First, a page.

California Firefighter and City Settle Discrimination Suit

A lawsuit accusing the La Habra Heights Fire Department of religious discrimination and sexual harassment, has been settled. Former volunteer firefighter Jared Hartstein filed the suit in Los Angeles County Superior Court in 2016, accusing the department of terrorizing him throughout his five months of training.

Hartstein claims his colleagues referred to him as “Bear Jew”; made fun of his Jewish heritage; drew swastikas on his papers; gave him a Nazi salutes; turned off his SCBA during an entanglement drill; required him to perform a rap song to complete one of his presentation proficiencies; asked him if he was gay; called him “Blower Boy”; and otherwise humiliated him to the point he suffered PTSD. He resigned in December, 2015.

According to the court file, the case was close to coming to trial when the settlement was reached. The terms of the settlement are not available.

Attached is a copy of the settlement agreement:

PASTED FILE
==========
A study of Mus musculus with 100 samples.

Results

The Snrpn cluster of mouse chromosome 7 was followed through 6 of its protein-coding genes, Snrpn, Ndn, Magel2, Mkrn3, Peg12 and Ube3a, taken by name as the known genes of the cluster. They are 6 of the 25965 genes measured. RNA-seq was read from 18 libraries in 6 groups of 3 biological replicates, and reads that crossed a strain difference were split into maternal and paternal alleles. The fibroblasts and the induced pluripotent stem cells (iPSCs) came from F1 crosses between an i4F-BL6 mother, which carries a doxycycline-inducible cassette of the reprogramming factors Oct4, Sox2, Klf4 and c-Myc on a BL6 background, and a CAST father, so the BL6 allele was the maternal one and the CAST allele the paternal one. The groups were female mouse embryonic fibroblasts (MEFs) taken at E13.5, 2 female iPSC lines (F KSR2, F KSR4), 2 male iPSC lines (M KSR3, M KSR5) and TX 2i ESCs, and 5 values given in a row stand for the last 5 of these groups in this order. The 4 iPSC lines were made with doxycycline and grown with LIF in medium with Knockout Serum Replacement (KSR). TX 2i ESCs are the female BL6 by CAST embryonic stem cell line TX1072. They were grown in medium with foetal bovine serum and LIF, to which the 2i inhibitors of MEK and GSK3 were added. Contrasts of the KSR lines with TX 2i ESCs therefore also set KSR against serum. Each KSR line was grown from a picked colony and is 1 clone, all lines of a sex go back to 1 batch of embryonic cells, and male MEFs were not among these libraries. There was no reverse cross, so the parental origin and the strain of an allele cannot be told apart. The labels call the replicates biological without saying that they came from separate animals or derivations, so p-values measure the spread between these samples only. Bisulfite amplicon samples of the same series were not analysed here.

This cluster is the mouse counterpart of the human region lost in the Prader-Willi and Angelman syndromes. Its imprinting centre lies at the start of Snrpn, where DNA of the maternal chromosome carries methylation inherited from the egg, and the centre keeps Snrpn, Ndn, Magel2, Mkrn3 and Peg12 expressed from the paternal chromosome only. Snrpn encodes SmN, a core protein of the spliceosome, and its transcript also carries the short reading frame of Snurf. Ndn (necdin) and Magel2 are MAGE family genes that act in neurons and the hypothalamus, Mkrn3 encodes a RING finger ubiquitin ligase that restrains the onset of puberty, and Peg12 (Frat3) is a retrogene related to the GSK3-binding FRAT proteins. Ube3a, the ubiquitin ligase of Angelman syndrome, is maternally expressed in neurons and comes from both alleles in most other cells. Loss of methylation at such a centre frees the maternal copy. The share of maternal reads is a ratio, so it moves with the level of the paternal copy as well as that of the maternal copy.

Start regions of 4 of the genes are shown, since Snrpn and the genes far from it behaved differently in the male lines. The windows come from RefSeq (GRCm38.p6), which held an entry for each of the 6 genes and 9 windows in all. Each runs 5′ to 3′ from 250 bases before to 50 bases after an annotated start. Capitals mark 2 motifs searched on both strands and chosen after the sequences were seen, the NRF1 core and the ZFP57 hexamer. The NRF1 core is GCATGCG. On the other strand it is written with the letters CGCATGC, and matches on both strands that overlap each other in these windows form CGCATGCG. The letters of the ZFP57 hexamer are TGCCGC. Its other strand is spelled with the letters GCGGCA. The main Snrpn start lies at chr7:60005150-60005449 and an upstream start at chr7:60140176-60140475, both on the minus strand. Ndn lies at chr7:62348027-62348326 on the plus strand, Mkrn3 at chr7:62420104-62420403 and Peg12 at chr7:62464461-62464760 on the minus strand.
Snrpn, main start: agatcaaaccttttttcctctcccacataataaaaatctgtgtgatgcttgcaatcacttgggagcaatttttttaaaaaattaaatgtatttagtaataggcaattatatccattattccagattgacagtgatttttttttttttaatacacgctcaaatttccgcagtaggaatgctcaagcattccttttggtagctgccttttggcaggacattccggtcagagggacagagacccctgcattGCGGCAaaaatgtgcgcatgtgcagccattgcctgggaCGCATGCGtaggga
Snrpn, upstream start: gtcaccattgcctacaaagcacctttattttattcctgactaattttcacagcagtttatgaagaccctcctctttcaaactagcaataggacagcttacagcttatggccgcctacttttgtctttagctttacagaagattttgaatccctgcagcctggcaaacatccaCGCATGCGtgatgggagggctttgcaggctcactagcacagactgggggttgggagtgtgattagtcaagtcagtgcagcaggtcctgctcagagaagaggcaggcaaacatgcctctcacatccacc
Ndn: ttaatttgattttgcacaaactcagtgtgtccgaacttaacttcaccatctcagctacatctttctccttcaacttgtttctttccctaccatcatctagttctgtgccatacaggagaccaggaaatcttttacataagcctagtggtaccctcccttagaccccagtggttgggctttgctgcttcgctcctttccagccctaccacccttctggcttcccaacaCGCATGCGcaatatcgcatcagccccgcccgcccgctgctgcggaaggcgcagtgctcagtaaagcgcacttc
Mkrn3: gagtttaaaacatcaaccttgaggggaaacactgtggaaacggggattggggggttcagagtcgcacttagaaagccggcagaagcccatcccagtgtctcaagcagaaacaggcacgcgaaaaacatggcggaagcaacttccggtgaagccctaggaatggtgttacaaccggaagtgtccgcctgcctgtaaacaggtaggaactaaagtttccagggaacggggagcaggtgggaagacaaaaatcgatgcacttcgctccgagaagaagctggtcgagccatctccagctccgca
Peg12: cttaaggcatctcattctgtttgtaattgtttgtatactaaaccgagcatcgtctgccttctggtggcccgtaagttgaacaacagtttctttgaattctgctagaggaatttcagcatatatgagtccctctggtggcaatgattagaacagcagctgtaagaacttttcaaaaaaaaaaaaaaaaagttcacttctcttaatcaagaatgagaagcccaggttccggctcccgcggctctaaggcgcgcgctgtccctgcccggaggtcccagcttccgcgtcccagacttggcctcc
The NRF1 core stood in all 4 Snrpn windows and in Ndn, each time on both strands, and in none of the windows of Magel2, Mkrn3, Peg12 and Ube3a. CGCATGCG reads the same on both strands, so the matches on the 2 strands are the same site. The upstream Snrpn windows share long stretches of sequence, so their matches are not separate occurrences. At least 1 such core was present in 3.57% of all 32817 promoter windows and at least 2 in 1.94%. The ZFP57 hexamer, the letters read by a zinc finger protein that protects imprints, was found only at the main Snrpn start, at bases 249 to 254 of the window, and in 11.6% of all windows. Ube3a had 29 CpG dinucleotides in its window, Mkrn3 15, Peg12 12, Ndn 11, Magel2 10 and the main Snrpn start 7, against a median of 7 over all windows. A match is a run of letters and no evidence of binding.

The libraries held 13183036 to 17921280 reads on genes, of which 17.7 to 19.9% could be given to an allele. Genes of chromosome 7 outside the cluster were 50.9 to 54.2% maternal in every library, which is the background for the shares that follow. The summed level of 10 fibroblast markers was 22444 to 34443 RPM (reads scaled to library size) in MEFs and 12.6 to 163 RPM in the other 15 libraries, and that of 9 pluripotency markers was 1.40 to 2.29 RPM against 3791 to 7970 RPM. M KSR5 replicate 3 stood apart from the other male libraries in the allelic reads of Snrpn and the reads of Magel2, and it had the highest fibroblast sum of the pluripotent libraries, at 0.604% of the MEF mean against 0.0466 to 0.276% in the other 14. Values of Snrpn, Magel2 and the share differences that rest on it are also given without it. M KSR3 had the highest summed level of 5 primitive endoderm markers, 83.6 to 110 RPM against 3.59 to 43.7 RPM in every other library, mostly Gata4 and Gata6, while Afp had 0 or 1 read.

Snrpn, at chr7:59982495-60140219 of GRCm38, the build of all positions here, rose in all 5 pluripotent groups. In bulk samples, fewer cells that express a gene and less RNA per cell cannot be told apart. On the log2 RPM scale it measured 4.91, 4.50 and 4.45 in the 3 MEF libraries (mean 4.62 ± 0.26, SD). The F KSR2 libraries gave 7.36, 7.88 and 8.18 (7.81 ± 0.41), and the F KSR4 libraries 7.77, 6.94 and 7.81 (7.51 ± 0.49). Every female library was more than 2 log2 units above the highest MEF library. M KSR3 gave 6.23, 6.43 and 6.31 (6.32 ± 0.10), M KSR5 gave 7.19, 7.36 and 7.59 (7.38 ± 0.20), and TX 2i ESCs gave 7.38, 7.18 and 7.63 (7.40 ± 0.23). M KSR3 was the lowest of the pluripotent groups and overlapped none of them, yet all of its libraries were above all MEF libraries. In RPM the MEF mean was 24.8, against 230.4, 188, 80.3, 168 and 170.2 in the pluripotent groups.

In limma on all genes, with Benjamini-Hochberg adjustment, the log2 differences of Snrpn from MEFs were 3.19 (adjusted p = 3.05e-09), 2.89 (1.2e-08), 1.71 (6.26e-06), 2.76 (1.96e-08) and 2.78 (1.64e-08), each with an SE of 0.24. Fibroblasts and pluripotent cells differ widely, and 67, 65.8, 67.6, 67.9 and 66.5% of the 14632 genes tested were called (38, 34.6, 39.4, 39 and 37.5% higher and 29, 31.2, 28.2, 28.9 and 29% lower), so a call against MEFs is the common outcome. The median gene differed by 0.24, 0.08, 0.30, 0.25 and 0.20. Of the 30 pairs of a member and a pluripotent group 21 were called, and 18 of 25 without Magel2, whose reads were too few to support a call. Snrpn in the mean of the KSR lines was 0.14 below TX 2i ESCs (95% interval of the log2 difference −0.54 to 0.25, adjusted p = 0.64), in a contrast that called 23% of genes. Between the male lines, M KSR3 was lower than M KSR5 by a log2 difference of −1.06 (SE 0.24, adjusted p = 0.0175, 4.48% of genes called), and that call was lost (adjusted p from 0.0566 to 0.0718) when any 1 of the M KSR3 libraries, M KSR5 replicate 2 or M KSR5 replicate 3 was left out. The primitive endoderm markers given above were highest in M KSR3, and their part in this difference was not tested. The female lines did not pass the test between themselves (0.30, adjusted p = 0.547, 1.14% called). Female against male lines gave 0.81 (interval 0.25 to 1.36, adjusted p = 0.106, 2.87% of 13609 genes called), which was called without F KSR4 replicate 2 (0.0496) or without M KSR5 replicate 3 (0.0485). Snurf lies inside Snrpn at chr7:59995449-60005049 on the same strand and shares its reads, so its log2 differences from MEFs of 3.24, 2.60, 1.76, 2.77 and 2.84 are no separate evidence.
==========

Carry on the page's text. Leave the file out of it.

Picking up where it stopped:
Here is the original complaint.  

Here is news coverage.

About Curt Varone

Curt Varone has over 40 years of fire service experience and 30 as a practicing attorney licensed in both Rhode Island and Maine. His background includes 29 years as a career firefighter in Providence (retiring as a Deputy Assistant Chief), as well as volunteer and paid on call experience. He is the author of two books: Legal Considerations for Fire and Emergency Services, (2006, 2nd ed. 2011, 3rd ed. 2014) and Fire Officer's Legal Handbook (2007), and is a contributing editor for Firehouse Magazine writing the Fire Law column.

Check Also

Firefighter’s Hearing Loss Not Compensable

A Louisiana firefighter suffering from work-related hearing loss has lost his workers compensation claim because it was not the result of a “single traumatic accident.” James J. Hartman, Jr., a firefighter with the St. Bernard Parish Fire Department, was diagnosed in 2017 with 42.2% binaural hearing loss.

Louisiana Court of Appeals Overturns CBD Termination of NO Firefighter

Louisiana’s Fourth Circuit Court of Appeals has reversed the termination of a New Orleans firefighter who tested positive for a controlled substance because the city failed to account for his taking physician-approved legal cannabidiol.